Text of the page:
SYDNEY (June 26): Asian shares swung higher on Thursday as weak U.S. growth seemed to further delay the day when interest rates might rise, prompting investors to plow funds into riskier assets in a desperate search for returns.
A shockingly poor reading on the U.S. economy for the first quarter also pressured the dollar while giving a lift to most commodities and resource-related currencies. Globally, the longer term bond prices rose as investors sought out the back end of the yield curve for better returns.
The prospect that Federal Reserve would keep rates low for longer encouraged equity investors, though some were cautious in case a key measure of U.S. inflation due later Thursday surprised on the high side.
The price index for personal consumption expenditures is the Fed's favoured measure of inflation and looks likely to have reached its highest since late 2012 in May.
For now most regional markets were in the black with MSCI's broadest index of Asia-Pacific shares outside Japan up 0.8 percent. Japan's Nikkei gained 0.3 percent and Australia 0.7 percent.
On Wall Street, the Dow bounced 0.29 percent, the S&P 500 0.49 percent and the Nasdaq 0.68 percent.
Shares of CBS had shot up 6.2 percent as the U.S. Supreme Court ruled TV startup Aereo violates copyright law by using tiny antennas to provide subscribers with broadcast network content via the Internet.
Markets managed to put a positive spin on data showing the U.S. economy shrank at an annualised 2.9 percent pace in the first quarter, far below already-pessimistic estimates.
Analysts emphasised the weakness was mainly due to one-off factors and a marked rebound was likely this quarter.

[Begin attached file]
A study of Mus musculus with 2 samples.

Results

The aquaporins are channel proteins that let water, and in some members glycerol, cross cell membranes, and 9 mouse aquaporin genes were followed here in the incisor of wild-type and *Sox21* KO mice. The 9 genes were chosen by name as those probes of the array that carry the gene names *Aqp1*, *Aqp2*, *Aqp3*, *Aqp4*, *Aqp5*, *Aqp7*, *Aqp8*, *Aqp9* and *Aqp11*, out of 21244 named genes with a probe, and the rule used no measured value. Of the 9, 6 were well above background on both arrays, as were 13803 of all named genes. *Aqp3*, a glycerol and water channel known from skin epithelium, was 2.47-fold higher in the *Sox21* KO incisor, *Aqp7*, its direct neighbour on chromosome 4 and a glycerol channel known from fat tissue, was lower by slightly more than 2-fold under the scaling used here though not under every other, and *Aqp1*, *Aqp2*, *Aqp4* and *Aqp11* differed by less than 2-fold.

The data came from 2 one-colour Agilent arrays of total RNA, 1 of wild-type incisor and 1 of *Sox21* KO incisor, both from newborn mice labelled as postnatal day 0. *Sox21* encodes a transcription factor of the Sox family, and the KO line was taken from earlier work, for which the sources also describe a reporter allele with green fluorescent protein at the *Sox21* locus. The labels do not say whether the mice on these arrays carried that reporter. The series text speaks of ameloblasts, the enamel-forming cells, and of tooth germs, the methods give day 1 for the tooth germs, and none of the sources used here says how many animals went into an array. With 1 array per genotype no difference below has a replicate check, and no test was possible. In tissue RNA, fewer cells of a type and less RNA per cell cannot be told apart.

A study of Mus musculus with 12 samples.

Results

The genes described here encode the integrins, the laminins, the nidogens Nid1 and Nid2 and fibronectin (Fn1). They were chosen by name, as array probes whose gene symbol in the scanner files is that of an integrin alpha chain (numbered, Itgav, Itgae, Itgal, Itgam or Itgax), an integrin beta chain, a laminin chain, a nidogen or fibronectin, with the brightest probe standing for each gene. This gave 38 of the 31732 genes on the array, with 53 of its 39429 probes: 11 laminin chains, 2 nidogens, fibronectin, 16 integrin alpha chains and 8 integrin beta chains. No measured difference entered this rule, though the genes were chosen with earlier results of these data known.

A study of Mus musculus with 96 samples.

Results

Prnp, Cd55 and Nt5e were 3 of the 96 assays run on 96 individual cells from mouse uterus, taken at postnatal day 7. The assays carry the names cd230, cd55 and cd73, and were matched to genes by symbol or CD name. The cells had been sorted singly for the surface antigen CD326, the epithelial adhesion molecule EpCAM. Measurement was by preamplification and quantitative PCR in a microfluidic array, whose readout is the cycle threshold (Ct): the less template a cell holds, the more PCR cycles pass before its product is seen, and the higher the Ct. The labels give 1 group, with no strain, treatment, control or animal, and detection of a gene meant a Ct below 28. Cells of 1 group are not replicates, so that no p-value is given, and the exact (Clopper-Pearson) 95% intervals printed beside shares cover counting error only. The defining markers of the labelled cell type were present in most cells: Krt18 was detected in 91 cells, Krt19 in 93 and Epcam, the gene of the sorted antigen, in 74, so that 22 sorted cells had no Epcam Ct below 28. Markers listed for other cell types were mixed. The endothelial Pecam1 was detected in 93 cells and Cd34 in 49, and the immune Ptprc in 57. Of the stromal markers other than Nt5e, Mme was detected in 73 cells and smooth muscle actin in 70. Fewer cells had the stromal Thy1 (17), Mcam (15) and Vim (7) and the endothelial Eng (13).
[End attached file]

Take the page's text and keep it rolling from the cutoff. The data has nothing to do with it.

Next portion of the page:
Yet the result was so poor that it soured the outlook for the entire year, such that the Fed's recently lowered forecast of 2.2 percent growth for 2014 now seems highly optimistic.
This only added to market expectations the Fed would keep rates near zero well into next year and led investors to push out ever further on the yield curve in search of returns.
Hunting for yield
The trend nudged yields on 10-year Treasuries down to 2.56 percent and away from the June peak of 2.66 percent.
The hunt for yield was even more acute in Europe, where the European Central Bank recently started charging banks for taking their cash deposits.
The tide of money pushed yields on German 10-year debt to a one-year trough of 1.26 percent. That in turn widened the spread against U.S. paper out to 130 basis points, giving Treasuries the biggest premium in at least two decades.
That yield advantage could provide the U.S. dollar some support over time, but for now the sticker shock from the GDP numbers kept the currency under pressure.
The dollar index fell as far as 80.091, a low not seen since May 22, while the euro bounced to $1.3633.
Sterling climbed to $1.6987 from a one-week low of $1.6952, while the Australian dollar popped back above 94 U.S. cents from $0.9354.
The New Zealand dollar was another commodity-linked currency doing well, hitting a seven-week high within a hair's breadth of its 2014 peak. The kiwi was up at $0.8764 having surged a full U.S. cent in 24 hours.
The weaker U.S. dollar helped gold up to $1,316.60 an ounce, from a low of $1,310.36 on Wednesday.
In oil markets, U.S. crude was firmer after news of a government decision to permit exports of lightly refined oil promised to open a new source of demand for the product.
U.S. crude added 9 cents to $106.59 a barrel, while Brent dipped 19 cents to $113.81.